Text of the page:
Breaking down misconceptions of women in Islam

Islam Awareness Week woman’s panel

Credit: 
Via Wikimedia

Islamic Awareness Week brings together students from various faculties and groups participating in activities and presentations to bring knowledge about Islam to the student body.

Opening the series of talks being held throughout the week, Chaplain Kate Johnson and Mona Rahman, a post-doctoral fellow at Queen’s and the education co-ordinator with the Islamic Society of Kingston, presented Monday night in Dunning Hall on the topic of “Women in Islam”, an intersection of education on women’s rights and Islam. 

Islamic Awareness Week at Queen’s is hosted by Queen’s University Muslim Student Association. The group held several events on campus throughout the week.

Both speakers presented from very different backgrounds, each aiming to address the image of Islam as inherently oppressive to women. 

As a Muslim woman, I’ve never personally felt oppressed by my religion and find any oppression I experience typically stems from elsewhere. I appreciated the points each woman brought to the table, and the general sense of solidarity in the room for combatting oppression against women.

Kate Johnson, the University Interfaith Chaplain since 2013, spoke to the mistreatment of women in society at large, illustrating how the problem isn’t by any means unique to Islam. Rahman, a post-doctoral fellow in Biochemistry, spoke to the history of Islam and women’s position in it.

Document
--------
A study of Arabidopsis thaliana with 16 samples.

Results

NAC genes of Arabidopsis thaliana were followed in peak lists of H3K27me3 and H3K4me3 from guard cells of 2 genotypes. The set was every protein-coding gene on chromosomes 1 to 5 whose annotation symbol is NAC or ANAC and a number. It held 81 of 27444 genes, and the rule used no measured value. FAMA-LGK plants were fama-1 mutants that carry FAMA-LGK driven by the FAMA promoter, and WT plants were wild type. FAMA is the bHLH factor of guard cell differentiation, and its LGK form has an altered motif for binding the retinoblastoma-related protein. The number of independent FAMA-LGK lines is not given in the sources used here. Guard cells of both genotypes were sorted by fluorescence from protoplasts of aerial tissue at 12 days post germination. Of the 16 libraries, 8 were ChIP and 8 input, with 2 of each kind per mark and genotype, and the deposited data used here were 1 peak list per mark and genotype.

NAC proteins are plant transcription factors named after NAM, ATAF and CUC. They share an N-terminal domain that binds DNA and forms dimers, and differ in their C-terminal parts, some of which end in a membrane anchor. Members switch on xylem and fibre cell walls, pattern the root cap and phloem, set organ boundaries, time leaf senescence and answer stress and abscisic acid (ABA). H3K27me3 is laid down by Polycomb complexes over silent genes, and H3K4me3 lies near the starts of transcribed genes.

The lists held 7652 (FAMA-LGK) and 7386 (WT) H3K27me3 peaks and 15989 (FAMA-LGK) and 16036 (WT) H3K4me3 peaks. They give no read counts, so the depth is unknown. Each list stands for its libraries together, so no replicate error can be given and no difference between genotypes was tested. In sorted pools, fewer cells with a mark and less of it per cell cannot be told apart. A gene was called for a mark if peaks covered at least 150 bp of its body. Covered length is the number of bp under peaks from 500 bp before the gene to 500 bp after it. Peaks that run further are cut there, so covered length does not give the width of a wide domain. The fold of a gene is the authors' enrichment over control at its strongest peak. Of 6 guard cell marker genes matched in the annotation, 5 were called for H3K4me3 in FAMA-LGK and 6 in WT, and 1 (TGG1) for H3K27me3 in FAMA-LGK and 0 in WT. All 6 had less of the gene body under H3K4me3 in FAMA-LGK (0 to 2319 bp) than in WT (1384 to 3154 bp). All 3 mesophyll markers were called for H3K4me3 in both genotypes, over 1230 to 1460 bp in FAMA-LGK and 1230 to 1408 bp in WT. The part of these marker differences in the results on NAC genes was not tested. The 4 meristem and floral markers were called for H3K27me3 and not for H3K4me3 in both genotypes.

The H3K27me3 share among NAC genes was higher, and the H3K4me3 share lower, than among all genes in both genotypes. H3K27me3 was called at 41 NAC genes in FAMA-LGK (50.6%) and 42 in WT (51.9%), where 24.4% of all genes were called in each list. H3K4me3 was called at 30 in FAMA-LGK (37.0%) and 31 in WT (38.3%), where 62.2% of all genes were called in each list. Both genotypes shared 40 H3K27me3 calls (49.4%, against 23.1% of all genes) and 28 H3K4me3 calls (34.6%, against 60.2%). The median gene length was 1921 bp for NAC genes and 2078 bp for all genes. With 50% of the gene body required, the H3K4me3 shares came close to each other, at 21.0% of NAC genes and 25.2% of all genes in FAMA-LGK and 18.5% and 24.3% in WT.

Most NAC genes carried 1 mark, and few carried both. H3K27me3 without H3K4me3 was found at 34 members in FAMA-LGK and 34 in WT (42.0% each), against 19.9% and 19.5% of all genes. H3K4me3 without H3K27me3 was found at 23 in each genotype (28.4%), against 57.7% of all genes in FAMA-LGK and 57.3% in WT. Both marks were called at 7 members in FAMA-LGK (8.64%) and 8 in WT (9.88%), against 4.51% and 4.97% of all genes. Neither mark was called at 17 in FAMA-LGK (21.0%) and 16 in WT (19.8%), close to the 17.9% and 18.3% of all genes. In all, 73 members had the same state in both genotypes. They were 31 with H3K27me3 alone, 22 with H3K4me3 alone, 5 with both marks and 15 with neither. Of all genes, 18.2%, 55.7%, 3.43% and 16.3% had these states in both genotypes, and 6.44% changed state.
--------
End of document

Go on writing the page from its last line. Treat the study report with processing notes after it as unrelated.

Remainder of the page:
Johnson opened the discussion by speaking to the oft-overlooked oppression of women in Canada. 

“We need to remove the log in our own eye,” she said, speaking about women gaining personhood rights only in Canada’s very recent history. She also discussed the status of the female in other religions, namely Christianity, and the role of female ministry which has only recently become more widely accepted.

Johnson closed by addressing consumerism, and how women often experience oppression as a result of the economic marketplace. 

Rahman, went deeper by exploring the place of women in Islam since the religion’s inception, both historically and in scripture. She spoke about women being viewed as equal to man in Islamic scripture, with equal rights in marriage, the economy and politics.

On the topic of current misconceptions of women in Islam both within and outside the religion, Rahman spoke about the role of education and colonialism in reproducing inequities seen today among many Muslim societies. 

Rahman’s explanation for removal of educational opportunities for women in many Muslim societies is the spread of colonialism. By any standard, she said, this isn’t unique to the Islamic world, as women everywhere are fighting for equity in education and the economy. 

Both women spoke about the Islamic practice of hijab and its role, which is often mistakenly perceived and discussed as an oppressive tool. Rahman spoke to the misconception that the concept of hijab as modesty applying to women only. According to the Qu’ran, Rahman said, both men and women must cover themselves appropriately and “guard their modesty.” 

This week, International Women’s Day was an added chance to celebrate women, show solidarity and support for women around the world in different countries and cultures. In a broader sense, it’s an opportunity to collectively agree to continue fighting for a seat at the table — wherever the table may be. 

As Rahman summed it up, “when you don’t know your rights, you can’t fight for them.” 

Islamic Awareness Week continues to Friday of this week.